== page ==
Pumpkin Patrol - Jack-O-Lantern History October 26 2009
Jack-o-lanterns are a fun fall tradition. Why not use this common October activity to help kids practice some skills in the classroom?
The History of the Jack-o-Lantern
The history of the jack-o-lantern is a bit dark. It’s based on an Irish legend about a character by the name of “Stingy Jack,” a man stuck between Heaven and Hell when he died.
Stingy Jack had an active and turbulent relationship with the spiritual realm before his death. Apparently afraid of spending eternity with the Devil, Stingy Jack tricked him into not taking his soul upon Jack's death. Jack convinced the Devil to climb a tree in order to pick a piece of fruit. Then, Stingy Jack carved crosses into the trunk of the tree, trapping the Devil in the branches. He would not free the Devil until he agreed not to take Jack’s soul.
The legend continues with Stingy Jack’s death and arrival at the Pearly Gates of Heaven where he was told that he would not be allowed to spend eternity there. The Devil, still angry about Stingy Jack’s trickery, would not allow him into Hell.
So Stingy Jack was on his own, with only a burning coal to light the night. He placed the coal in a carved out turnip, using it for a lantern. Because of this, the Irish referred to him as “Jack of the Lantern,” or “Jack O’Lantern.”
In order to keep Stingy Jack away from their homes, people of Ireland and then Scotland and England carved faces into potatoes, turnips or beets and displayed them outside their houses to scare Jack away. When people from these countries moved to the United States, they brought the tradition with them. Pumpkins, which originated in North America, provided a better carving surface for the Jack-o-Lanterns!
This legend doesn’t seem appropriate for younger children especially, but I think it would be interesting to explore the origins of pumpkin carving. The first activity below is to help your class process through why we carve pumpkins each October, and to then come up with a whole-class story or individual stories about why we have this tradition.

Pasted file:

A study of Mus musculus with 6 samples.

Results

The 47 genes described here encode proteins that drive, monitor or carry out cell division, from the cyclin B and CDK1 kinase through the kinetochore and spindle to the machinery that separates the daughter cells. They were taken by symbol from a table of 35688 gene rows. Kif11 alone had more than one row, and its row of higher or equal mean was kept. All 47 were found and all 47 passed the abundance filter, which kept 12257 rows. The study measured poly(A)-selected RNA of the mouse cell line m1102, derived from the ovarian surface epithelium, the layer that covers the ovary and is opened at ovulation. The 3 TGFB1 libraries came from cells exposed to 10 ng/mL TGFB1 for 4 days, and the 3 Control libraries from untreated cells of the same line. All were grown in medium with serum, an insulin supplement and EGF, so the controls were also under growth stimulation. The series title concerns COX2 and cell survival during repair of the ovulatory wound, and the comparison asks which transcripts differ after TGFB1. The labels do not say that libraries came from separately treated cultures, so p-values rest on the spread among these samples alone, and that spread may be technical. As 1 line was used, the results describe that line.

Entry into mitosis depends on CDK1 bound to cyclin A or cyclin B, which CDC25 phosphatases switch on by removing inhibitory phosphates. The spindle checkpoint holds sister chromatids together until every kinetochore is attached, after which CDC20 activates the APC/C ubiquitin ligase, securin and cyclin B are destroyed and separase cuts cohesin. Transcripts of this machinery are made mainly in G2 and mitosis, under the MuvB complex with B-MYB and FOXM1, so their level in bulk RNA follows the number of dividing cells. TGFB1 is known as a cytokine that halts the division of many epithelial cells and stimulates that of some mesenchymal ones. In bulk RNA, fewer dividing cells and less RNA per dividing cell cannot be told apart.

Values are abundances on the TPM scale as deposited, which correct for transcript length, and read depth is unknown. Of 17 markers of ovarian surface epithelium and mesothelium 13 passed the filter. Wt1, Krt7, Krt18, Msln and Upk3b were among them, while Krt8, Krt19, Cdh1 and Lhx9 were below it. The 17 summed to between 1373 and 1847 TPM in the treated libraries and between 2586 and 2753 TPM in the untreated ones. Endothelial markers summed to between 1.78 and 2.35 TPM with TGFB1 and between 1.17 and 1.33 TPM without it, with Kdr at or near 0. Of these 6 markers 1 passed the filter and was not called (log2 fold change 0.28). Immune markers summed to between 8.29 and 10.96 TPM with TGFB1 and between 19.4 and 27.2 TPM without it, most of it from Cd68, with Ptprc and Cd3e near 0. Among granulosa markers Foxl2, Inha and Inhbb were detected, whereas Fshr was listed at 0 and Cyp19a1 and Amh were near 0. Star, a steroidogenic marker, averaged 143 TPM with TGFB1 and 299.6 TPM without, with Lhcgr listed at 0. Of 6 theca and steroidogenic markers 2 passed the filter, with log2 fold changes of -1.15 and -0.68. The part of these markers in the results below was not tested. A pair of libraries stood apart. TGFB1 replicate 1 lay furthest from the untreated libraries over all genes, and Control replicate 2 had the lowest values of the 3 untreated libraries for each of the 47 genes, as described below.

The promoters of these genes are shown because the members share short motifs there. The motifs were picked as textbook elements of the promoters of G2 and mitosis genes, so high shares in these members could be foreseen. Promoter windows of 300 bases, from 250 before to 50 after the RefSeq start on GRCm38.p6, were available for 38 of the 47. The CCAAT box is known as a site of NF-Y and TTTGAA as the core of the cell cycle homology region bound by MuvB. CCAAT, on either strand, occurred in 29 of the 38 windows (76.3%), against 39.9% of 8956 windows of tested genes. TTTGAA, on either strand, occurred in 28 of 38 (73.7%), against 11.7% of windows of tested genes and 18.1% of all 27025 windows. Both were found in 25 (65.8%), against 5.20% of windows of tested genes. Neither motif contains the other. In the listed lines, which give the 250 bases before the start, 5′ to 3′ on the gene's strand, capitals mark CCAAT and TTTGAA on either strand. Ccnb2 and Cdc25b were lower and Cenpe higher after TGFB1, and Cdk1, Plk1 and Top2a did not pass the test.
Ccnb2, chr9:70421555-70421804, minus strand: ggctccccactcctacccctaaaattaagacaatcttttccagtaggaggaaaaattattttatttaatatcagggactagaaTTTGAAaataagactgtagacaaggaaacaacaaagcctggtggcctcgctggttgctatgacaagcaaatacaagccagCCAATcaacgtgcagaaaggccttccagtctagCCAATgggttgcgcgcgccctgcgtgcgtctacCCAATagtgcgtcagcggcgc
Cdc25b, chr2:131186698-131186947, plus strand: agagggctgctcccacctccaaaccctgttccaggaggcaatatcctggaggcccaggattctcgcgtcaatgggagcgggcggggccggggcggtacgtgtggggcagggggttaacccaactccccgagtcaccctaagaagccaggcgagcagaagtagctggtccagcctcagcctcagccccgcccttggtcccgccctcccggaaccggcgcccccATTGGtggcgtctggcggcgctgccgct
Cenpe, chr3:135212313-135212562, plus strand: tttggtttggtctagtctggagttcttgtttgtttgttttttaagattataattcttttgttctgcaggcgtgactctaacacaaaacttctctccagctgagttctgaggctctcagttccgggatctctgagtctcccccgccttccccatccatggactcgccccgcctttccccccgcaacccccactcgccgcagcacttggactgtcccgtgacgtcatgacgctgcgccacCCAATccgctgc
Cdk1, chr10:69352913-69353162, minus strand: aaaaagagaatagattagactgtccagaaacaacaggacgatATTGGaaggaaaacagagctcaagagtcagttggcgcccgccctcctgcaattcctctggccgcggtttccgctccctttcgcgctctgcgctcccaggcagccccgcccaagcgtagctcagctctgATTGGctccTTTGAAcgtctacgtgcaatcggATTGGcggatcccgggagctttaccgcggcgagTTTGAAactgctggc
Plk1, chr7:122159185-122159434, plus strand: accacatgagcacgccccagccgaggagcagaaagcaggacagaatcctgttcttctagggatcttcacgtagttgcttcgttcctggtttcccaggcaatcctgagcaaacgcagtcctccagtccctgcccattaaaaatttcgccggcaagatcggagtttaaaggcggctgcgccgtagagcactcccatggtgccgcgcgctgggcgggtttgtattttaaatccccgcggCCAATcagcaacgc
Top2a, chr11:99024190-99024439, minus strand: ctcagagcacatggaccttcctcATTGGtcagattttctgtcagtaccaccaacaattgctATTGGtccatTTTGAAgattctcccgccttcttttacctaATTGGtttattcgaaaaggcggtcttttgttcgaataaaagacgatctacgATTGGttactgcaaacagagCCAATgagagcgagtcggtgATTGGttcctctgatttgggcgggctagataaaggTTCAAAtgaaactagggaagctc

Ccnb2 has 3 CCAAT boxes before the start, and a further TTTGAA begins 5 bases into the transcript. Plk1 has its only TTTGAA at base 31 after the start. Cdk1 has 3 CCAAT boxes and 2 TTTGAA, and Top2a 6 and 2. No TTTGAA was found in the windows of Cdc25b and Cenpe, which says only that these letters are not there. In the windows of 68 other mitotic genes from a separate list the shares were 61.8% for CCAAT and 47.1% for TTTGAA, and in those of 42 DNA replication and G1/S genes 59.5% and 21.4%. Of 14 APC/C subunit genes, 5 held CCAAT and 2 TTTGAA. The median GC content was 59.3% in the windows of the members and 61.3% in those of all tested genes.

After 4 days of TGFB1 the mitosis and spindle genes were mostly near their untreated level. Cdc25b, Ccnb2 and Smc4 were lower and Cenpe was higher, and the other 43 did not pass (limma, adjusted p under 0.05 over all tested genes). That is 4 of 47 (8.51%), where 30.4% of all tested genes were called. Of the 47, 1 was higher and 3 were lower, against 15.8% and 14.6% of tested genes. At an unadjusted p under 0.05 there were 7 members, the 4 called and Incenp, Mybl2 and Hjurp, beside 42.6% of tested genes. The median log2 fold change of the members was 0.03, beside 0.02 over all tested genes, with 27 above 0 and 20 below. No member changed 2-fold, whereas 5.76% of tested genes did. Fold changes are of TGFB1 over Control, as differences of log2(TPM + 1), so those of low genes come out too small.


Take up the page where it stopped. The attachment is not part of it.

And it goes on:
For older kids, however, exploring the legend genre and Stingy Jack would be quite interesting. I’ve included two lesson plans to help guide kids through creating their own legends about the origins of the Jack-o-Lantern. Before you get started with "Stingy Jack," consider checking out these American Myths and Legends with your class.
Each student carving a pumpkin might be fun, but it would also be messy. Plus, there are safety considerations when dealing with the sharp objects needed to carve a pumpkin well. So why not use construction paper instead, and transform a regular jack-o-lantern into a puzzle!
Glyphs are simply symbols that stand for particular pieces of information, depending upon the symbols' colors or shapes. You create the legend, and your students create their jack-o-lanterns (or jack-o-glyphs?) according to their preferences. Here are some ideas:
Background Color (construction paper) - Brown = Go trick-or-treating on Halloween, Black = Do not go trick-or-treating on Halloween
Pumpkin Color – Yellow = Like scary costumes, Orange = Like funny costumes, Green = Like Both
Nose Shape – Triangle = Like chocolate candy, Circle = Like sour candy, Square = Like gummy candy, Rhombus = Like all candy
Nose Color – Purple = eats candy Halloween night, Blue = does not eat candy Halloween night
Other categories to consider are eye shape, eye color, smile or frown, and shape and number of teeth. Get your kids involved with determining the meaning of the different symbols!
Would you like to read more about glyphs? Here's an art lesson plan I wrote using glyphs at the beginning of the year!